CS50 Updates Course Policies, Asks Students To Go To Class

Okay, not the Onion. But Onion-worthy, no?

Look at this last part of the article, where one of the professor’s teaching assistants praises his experimental, innovative, problem-solving approach to teaching:

For at least one former CS50 staffer, the changes to the course signal [David] Malan’s willingness to solve problems through experimentation.

“Seems like he’s continuing to experiment and learn as I think he should and does relatively well,” said former CS50 teaching fellow Mark D. Grozen-Smith ’15. “I’m glad that we have innovation alive in such an impactful, high-demand class.”

Asking students to attend your course! Why didn’t I think of that?


  1. dmf Says:

    https://www.nytimes.com/2017/09/01/sports/ncaafootball/florida-state-football.html

  2. Polish Peter Says:

    Some of my faculty colleagues have expressed concern that the flipped-classroom model of watching the lecture on video before attending an explanatory/discussion section legitimizes non-attendance at lectures in other courses that do not use this model. I don’t know where CS 50 fits in with this observation, but it might foreshadow a debate that could arise if more courses go to this model.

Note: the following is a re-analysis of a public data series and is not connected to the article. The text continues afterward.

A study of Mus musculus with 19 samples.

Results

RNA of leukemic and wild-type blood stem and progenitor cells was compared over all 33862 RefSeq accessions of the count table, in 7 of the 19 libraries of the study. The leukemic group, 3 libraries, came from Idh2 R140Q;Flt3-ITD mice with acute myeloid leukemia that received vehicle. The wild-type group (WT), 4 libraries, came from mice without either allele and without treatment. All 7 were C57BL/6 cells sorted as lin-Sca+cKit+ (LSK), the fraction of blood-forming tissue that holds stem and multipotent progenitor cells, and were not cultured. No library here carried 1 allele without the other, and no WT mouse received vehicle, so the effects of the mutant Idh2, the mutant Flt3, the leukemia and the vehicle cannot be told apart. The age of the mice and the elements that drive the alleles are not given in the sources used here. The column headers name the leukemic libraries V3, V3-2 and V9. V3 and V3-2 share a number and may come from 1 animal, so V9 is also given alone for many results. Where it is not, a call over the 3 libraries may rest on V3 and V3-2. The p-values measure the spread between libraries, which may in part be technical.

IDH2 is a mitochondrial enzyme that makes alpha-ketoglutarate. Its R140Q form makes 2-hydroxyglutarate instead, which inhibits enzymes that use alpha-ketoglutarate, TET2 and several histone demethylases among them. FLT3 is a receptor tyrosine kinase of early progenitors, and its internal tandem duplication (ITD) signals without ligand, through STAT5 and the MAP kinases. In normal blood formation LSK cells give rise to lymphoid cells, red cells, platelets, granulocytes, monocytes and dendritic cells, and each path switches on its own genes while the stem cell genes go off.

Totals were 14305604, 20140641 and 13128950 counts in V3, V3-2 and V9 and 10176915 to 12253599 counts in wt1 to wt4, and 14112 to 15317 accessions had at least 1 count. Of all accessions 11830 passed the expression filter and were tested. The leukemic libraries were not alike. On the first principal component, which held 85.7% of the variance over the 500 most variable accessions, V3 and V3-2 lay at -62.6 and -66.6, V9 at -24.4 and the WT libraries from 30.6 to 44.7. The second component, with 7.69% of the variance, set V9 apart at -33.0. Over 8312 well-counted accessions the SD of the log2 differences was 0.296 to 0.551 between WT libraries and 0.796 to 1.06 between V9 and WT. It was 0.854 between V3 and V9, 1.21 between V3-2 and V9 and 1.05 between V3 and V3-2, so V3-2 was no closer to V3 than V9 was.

3. Margaret Soltan Says:

    Polish Peter: Absolutely. Versions of that debate have been going on since various forms of technology have made class attendance – in any class – seem superfluous. I was waiting for one of my classes to start last week, and I stood outside the door of a big full lecture hall and listened to the lecturer (this would have been the first day of class) get surprisingly angry as he went on and on about punishments for students cheating with their clickers as a way to skip class pretty much all the time. It was such lovely sight – a professor on the first day of class, addressing students he’d never met before and condemning them for something they hadn’t yet done. Sets such a nice pedagogical tone.

    Virtually everything about the highest-tech classes incentivizes not attending them.